Parasites in Ratites

Parasite problems in ratite facilities can cause general ill thrift, reduction in growth, poor reproductive results and death. Effective screening prior to introduction into a production unit is essential in the prevention and control of the common ratite parasites. Management procedures in reducing parasitic populations include external feather examinations, complete physical examinations, complete blood counts, direct faecal examinations and faecal floatation examinations.


Ticks are common parasites of the ostrich in its native African environment, and include the following genera/species: Amblyomma spp., Haemaphysalis punctata, Hyalomma spp., Rhipicephalus turanicus and Argus spp. Ticks have been implicated in transmission of viral diseases, and heavy infestations cause ill thrift, slow growth and low egg production. Treatment is best achieved with 5% carbaryl dust at fourteen-day intervals. Pterolichus bicaudatus (ostrich quill mite) and Struthiolipeurus struthionus (ostrich louse) may cause pruritis and/or excessive preening and feather loss. Infestation with these external parasites causes stress and predisposes birds to secondary infections and gastrointestinal disorders (e.g. impactions). Treatment for mites is accomplished with ivermectin, and lice are treated in a similar manner to tick infestations.

Miscellaneous arthropod infestations – e.g. Struthiobosca struthionis in ostriches, Struthiodiperus rheae in rheas, and Culicoides spp. and Simulium spp. in emus – cause blood loss, irritation and stress, and transmit other parasites. Pyrethrin sprays may help to prevent extreme exposure to many of the flying arthropod parasites.


Helminth parasites found in ratites include the following: Baylisascaris spp., Libyostrongylus douglassi, Paraonchocerca struthionus, Struthiofilaria megalocephala, Ascaridia orthocerca, Deletrocephalus dimidiatus, Deletrocephalus casarpintoi, Dicheilonema rheae, Paradeletrocephalus minor and Chandlerella quiscali. Baylisascaris spp. have been identified in ostriches and emus (7, 14). The definitive hosts for this parasite are skunks and raccoons, which shed the eggs in faecal material; the eggs can remain infective in the soil for several years. Birds suffering from Baylisascaris spp. infections show ataxia, muscle weakness, recumbency and death, due to visceral larval migration into the brain and spinal cord. Diagnosis is made at necropsy by observation of the parasite in brain or spinal cord tissue sections. Baylisascaris spp. cause a zoonotic parasitic disease and can provoke severe physical damage through visceral larval migration if eggs are ingested. Reduction of definitive host populations around a facility and proper feed storage will help to reduce exposure to this dangerous parasite.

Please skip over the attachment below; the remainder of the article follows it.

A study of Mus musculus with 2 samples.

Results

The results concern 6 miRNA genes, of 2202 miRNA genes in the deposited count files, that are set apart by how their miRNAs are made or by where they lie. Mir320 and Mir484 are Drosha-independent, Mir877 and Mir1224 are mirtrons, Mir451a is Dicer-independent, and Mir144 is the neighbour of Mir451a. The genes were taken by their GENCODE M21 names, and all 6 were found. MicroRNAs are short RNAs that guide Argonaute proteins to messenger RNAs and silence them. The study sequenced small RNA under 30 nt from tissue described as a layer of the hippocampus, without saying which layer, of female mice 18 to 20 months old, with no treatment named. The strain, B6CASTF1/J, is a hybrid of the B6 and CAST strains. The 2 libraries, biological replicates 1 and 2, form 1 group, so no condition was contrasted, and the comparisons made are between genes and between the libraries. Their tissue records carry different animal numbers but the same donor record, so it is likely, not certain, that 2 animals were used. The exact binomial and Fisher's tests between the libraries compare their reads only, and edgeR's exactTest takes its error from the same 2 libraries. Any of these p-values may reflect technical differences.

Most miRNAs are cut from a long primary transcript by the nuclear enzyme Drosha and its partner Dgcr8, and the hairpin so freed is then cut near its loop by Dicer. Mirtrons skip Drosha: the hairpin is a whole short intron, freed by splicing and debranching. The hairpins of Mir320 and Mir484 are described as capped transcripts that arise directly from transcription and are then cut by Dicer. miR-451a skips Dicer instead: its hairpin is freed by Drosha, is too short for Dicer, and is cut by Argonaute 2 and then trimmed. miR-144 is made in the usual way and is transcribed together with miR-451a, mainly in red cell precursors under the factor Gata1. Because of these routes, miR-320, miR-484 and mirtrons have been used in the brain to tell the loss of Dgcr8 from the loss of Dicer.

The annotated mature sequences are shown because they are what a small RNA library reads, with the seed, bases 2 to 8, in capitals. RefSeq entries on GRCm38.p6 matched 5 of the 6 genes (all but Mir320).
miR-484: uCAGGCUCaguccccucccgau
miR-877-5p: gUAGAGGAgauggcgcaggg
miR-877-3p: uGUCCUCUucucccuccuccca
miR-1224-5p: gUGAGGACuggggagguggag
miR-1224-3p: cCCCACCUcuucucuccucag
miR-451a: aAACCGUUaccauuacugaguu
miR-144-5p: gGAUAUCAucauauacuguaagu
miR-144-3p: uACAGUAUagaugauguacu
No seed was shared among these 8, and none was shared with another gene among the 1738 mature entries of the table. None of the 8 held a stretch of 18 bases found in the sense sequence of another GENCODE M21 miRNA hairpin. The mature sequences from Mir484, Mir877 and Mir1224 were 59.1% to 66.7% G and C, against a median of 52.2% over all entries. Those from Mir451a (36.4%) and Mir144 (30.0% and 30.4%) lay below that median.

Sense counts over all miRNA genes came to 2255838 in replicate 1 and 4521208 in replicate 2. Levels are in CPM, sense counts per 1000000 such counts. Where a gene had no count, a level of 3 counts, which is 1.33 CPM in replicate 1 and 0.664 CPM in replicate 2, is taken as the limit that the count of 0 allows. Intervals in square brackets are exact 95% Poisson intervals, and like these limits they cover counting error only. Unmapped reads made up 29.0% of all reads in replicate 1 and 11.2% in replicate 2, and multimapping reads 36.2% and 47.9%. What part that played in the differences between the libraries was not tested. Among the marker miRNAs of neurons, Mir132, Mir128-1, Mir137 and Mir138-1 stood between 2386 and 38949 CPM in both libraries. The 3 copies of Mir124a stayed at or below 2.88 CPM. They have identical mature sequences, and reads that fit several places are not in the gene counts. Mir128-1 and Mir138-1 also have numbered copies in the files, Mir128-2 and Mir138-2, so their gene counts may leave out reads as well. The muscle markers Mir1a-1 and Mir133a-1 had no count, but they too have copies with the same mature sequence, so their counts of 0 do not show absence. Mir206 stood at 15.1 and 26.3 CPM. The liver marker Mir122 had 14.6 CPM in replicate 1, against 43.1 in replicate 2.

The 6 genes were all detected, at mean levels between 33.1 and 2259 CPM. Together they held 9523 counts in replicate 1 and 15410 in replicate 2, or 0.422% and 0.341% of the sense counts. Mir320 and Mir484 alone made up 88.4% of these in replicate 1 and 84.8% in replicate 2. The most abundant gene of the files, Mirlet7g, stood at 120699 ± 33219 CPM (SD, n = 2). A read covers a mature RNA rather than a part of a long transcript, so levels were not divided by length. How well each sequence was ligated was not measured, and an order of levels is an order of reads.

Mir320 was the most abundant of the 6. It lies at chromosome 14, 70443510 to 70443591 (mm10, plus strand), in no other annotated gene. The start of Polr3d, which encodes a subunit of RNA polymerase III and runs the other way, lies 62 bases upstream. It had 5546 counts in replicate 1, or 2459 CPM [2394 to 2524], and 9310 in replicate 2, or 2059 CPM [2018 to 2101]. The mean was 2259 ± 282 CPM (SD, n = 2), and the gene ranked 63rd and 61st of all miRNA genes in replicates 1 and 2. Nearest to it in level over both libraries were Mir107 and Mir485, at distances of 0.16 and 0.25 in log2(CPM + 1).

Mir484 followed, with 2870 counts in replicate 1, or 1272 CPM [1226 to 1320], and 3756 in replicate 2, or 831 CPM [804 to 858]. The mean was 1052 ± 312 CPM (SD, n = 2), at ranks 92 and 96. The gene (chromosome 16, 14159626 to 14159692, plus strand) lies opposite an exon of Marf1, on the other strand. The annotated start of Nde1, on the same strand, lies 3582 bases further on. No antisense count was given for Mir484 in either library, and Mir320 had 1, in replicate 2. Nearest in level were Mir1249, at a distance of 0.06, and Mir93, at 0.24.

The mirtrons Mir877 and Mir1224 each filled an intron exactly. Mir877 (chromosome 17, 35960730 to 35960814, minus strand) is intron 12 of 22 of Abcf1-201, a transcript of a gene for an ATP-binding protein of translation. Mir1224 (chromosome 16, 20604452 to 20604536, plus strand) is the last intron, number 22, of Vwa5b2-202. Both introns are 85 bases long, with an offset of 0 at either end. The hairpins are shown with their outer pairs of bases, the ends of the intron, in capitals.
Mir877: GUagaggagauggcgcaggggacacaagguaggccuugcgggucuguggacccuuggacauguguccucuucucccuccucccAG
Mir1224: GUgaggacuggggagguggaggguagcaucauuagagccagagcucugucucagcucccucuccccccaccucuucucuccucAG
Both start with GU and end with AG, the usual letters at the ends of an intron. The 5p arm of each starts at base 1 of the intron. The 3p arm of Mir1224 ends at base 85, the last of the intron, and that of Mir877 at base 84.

A helminth parasite which affects young emus in a similar manner is Chandlerella quiscali. This parasite is transmitted by Culicoides midges, and visceral larval migration occurs before the birds reach one year of age. Generalized neurological signs accompany Chandlerella spp. infestation, and diagnosis is made at necropsy. Libyostrongylus douglassi (wireworm) is a proventricular parasite which is extremely deadly to young ostrich chicks. Prevention of this parasite from infesting a ratite facility is very important. The life cycle is direct, and pasture rotation is recommended as a control measure. Fenbendazole, levamisole and ivermectin may be effective in the control of this deadly parasite.

The other helminth parasites listed should be treated as mentioned for L. douglassi. Prevention of parasite exposure is the primary management measure recommended in all ratite operations. Once a parasite has become established on a facility, diligent testing and treatment – especially in young birds – will limit economic losses and bird mortality.


The blood protozoa Leucocytozoon struthionis and Plasmodium spp. have been identified in ostriches (7), and are transmitted by flying arthropod vectors. These parasites do not generally cause significant clinical illness, and treatment is usually more problematic than the infestation. The intestinal protozoa Balantidium struthionis, Cryptosporidium spp., Histomonas meleagridis, Hexamita spp., Giardia spp. and Trichomonas spp. cause gastrointestinal problems which result in wasting, anorexia, diarrhoea and death for all ratite species, especially rheas. Direct faecal and intestinal content examinations are essential in diagnosing these parasitic diseases (7). Appropriate treatment with anti-protozoal drugs will reduce losses in an outbreak; but proper husbandry practices will limit incidence, thus reducing labour and other expenses.

Tapeworms and flukes

Houttuynia struthionis (ratite tapeworm) primarily affects younger birds. Ostriches and rheas seem to be the most common ratite species affected, and the recommended treatment is fenbendazole. The adult ratite fluke (Philophthalmus gralli) is found outside the nictitating membrane in affected birds. The intermediate host of the fluke is a freshwater snail, and ratites acquire the parasite through ingestion of freshwater crustaceans or other solid objects. It is recommended that ratite exposure to standing water be restricted, thus reducing the risk of intermediate host exposure.